The aging population in Japan is the fastest growing in the world—by 2035, one out of every three people will be over the age of 65. With such a rapidly increasing aging population, combating age-related health issues, like physical and mental frailty or illness, is becoming critical. It is crucial that older adults maintain as much functional independence as long as possible. Thus, it is important that long-term care facilities, such as assisted living communities, be able to identify incident disability risk factors for their residents.

Physiological, psychological, and social factors influence disability onset in older adults. Gait speed decline is one of the most significant predictors. Age-related declines in gait function can indicate dysfunction of any associated systems, including the musculoskeletal, neurologic, or circulatory systems. Thus, examining older adults’ gait function is helpful in identifying incident disability risk. Gait speed is an easy but significant clinical marker of current health and well-being. It is a very useful predictor of health problems including disability in older adults.

Apart from mobility declines, mental illnesses such as depressive symptoms are incident disability risk markers. Depressed mood often leads to unhealthy lifestyle behaviors, such as smoking and lack of physical activity, as well as somatic symptoms, such as sleep deprivation and fatigue. These can worsen the symptoms of some medical problems and ultimately diminish functioning. Moreover, several additional studies suggest that late-life depression influences subsequent disability or hinders disability recovery.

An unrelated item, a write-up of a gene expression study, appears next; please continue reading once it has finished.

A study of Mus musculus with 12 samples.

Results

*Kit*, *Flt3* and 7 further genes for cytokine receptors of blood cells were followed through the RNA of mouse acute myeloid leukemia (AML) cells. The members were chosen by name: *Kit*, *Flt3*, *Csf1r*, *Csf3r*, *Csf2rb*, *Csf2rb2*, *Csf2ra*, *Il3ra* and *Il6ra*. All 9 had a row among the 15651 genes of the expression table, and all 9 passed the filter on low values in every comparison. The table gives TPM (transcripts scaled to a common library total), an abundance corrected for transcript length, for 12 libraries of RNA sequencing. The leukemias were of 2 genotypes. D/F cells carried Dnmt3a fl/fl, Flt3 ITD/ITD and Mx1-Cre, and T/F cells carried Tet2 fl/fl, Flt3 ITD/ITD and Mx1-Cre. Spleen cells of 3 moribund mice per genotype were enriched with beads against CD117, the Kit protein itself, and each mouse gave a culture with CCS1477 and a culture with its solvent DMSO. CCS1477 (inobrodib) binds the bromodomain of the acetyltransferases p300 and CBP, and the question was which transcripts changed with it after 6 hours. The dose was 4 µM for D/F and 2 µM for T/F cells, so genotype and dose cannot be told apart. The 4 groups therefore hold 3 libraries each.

Slow gait speed and depressive symptoms are often experienced by older adults and frequently co-occur. Both phenomena can lead to poor health outcomes like disability. Because it remains unclear if older adults with these two conditions are truly at higher risk of incident disability than with either condition alone, a recent study sought to examine this concept in Japanese older adults using longitudinal cohort data. The study found that it may be necessary for older adults with both risk factors to get early detection, as well as physical and psychological intervention.

For older adult residents in assisted living facilities, staff should regularly check for these kinds of factors in order to prevent further decline in health and well-being and maintain physical and psychological functioning.